The Age of Adaline
I was deeply curious about The Age of Adaline, with its premise of a near-immortal woman who stops aging in the 1930s. Like a lot of people, for me, the idea of more time is appealing. The nature of scheduling to the overbooked is a tricky thing, and coincidentally, I didn’t see the film previously because I couldn’t find the time to make it to a theater while it was playing. I’m glad I didn’t, since it’s a piece I appreciated better in a more comfortable, intimate setting, given its leisurely pace.
Blake Lively, with her patrician looks and voice, is a good choice to play an unaging woman. Her character emphasizes, early on, how important the details are, and so I found myself paying attention to settings and fashion and hairstyles and all those set-dressing choices. In an early scene with her dog, I even believe she was eating madeleines, Proust’s signifier of sense memory, a touch I appreciated.
Unfortunately, the pacing and storytelling aren’t handled as well as the movie’s look. The filmmakers spent too much time on why and how this miracle happens, for example, with a pseudo-scientific basis given in corny narration. For a romantic drama like this, it doesn’t matter. Many of the later events are predictable, particularly the speech from Adaline’s elderly daughter (Ellen Burstyn) about needing to allow people into her life, but the performances are good. The movie was directed by Lee Toland Krieger, who previously helmed Celeste & Jesse Forever, and he provides a commentary track.
The concept is thought-provoking — to protect herself, after early government interest, Adaline adopts a policy of changing her identity every decade, never making lasting connections. Then she’s heavily pursued at a New Year’s Eve party by a handsome stranger (Michiel Huisman), who turns out to be privileged and a little bit of a stalker. After some snags, he takes her to his parents’ (Harrison Ford and Kathy Baker) anniversary party, where complications ensue.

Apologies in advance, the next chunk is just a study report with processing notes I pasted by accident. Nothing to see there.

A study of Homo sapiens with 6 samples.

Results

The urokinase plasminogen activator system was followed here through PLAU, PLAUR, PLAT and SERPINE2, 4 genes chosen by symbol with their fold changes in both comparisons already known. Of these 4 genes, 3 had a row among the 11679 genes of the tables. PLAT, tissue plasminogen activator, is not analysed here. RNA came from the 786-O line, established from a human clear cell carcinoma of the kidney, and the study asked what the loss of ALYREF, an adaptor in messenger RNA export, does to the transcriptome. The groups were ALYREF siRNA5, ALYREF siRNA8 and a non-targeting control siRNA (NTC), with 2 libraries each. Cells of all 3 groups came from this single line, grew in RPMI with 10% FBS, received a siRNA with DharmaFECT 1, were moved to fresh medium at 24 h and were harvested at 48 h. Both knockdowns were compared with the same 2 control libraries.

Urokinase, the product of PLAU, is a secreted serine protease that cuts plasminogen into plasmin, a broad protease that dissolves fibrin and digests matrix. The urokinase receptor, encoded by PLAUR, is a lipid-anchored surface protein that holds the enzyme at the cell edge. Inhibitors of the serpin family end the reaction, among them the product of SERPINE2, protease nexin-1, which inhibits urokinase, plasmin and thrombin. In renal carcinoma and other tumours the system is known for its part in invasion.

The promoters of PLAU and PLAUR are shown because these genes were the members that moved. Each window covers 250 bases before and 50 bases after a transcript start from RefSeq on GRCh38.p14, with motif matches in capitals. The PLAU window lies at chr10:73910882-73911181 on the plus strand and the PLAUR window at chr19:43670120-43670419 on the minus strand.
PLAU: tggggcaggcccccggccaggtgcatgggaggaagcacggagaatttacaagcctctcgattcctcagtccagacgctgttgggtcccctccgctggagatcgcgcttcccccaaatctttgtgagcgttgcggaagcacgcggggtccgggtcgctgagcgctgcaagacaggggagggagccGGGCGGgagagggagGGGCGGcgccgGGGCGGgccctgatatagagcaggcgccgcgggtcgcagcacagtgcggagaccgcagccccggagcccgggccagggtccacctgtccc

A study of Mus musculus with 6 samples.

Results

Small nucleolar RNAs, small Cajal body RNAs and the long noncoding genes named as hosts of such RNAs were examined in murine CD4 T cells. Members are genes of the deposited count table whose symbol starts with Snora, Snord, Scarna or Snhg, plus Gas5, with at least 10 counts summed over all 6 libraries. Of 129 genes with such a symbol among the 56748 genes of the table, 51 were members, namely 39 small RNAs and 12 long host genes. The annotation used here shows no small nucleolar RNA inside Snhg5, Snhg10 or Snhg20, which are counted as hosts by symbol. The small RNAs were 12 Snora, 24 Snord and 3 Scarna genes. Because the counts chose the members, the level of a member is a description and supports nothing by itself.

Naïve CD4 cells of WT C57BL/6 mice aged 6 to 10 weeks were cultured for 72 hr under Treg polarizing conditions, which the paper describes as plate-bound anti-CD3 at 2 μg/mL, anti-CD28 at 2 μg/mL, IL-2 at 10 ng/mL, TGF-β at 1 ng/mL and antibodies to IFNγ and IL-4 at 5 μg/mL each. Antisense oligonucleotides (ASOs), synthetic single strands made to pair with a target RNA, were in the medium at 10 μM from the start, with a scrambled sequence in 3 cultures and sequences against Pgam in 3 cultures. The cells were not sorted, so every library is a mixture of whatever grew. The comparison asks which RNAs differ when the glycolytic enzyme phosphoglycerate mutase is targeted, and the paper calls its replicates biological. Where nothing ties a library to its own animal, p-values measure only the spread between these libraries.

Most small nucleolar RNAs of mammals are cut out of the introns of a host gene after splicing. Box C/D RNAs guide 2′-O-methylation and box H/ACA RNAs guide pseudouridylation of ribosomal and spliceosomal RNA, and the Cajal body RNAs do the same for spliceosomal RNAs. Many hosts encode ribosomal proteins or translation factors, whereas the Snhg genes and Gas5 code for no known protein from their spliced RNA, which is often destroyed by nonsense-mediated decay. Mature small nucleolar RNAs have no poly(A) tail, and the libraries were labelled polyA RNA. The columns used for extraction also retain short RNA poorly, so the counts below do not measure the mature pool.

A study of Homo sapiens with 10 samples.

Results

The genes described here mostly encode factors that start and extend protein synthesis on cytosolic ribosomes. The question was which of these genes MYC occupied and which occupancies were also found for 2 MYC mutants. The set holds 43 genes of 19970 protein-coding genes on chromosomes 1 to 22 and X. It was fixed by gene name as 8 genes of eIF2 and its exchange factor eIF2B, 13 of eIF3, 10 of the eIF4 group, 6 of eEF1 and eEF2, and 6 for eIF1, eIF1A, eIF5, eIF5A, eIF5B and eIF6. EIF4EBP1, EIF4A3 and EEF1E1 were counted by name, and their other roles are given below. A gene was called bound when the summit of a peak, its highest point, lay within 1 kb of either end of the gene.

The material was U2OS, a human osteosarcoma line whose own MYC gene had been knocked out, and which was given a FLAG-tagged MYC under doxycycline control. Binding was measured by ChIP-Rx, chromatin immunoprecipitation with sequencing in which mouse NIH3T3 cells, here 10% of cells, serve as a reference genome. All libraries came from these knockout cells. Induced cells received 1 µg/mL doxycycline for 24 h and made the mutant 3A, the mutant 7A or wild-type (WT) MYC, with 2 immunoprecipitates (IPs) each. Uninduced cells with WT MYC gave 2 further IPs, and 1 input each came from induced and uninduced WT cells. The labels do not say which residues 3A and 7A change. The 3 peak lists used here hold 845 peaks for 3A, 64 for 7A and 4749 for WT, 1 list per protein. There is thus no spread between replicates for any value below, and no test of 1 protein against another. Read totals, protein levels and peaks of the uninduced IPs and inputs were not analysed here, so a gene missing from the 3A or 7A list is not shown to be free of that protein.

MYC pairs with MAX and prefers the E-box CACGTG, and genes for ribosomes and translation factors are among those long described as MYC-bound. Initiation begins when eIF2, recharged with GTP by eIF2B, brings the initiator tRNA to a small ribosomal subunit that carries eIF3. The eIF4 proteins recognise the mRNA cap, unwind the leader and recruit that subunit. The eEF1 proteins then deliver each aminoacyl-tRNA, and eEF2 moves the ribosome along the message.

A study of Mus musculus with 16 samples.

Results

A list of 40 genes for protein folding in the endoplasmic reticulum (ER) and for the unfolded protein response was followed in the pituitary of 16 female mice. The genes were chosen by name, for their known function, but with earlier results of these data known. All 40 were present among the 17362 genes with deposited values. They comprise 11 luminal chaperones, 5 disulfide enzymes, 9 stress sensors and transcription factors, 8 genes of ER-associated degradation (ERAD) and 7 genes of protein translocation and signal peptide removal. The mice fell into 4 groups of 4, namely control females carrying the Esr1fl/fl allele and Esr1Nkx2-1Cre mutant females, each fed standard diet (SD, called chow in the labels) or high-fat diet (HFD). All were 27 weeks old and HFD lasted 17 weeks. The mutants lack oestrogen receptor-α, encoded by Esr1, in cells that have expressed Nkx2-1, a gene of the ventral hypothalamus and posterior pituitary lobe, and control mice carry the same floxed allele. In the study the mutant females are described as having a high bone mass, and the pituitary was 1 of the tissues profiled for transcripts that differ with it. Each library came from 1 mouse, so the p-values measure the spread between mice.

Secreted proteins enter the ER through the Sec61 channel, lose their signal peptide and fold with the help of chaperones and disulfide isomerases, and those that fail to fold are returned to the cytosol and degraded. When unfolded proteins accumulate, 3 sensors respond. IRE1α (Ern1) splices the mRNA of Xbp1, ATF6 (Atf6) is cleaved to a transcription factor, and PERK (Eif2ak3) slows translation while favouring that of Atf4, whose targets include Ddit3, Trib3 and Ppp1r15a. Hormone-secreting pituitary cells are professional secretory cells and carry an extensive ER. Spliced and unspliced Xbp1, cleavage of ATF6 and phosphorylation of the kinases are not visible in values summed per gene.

It took over an hour for the movie to get to what I thought was the real meat, the risk of meeting again someone from your old life, and I wish more had been done with it. Then the resolution seemed to drag out beyond the point when I was ready for things to wrap up, particularly since I was doing a pretty good job guessing what would happen next. And my least favorite parts where when the narrator came back, since those scenes were usually when he listed distracting elements I didn’t need to know while getting in the way of what I’d already figured out.
I would have liked to have seen more elements of Adaline’s life over the years, but then, I’m a sucker for period pieces. There are a few bits that are quite clever, such as the guy giving her “flowers” in the form of floral-titled books. Lively well captures the boredom and mental remove of the immortal, and I appreciated her classic style. Unfortunately, in comparison to her and Ford, the male lead is something of a placeholder, without much personality. More could have been done with this movie to make it compelling, but as it is, it’s a visually pleasant time-waster.
In addition to the commentary, mentioned above, and two deleted scenes, totalling 4 1/2 minutes, there are three extras:
“A Love Story for the Ages” (30 minutes) — the director, producers, and star talk about their vision for the movie while we see a lot of clips from the film we just watched. Sadly, the director loved the narrative element as an omniscient commentator, which is a great indicator of where our opinions differ. They also talk about filming San Francisco in Vancouver as part of a lengthy segment on set design. I found little new in this featurette, and I dozed off during part of it.
“Style Throughout the Ages” (18 minutes) — I thought this was going to be about fashion, but while that’s mentioned, it’s mostly about how great a job the director did in capturing the visuals, particularly with the past periods. The narrator also returns, boo.
“Discovering Young Harrison Ford: Anthony Ingruber, an Online Sensation” (8 minutes) — He does a fabulous job, it’s true, of looking like a young Ford. The filmmakers found him doing impersonations online. (The studio provided a review copy.)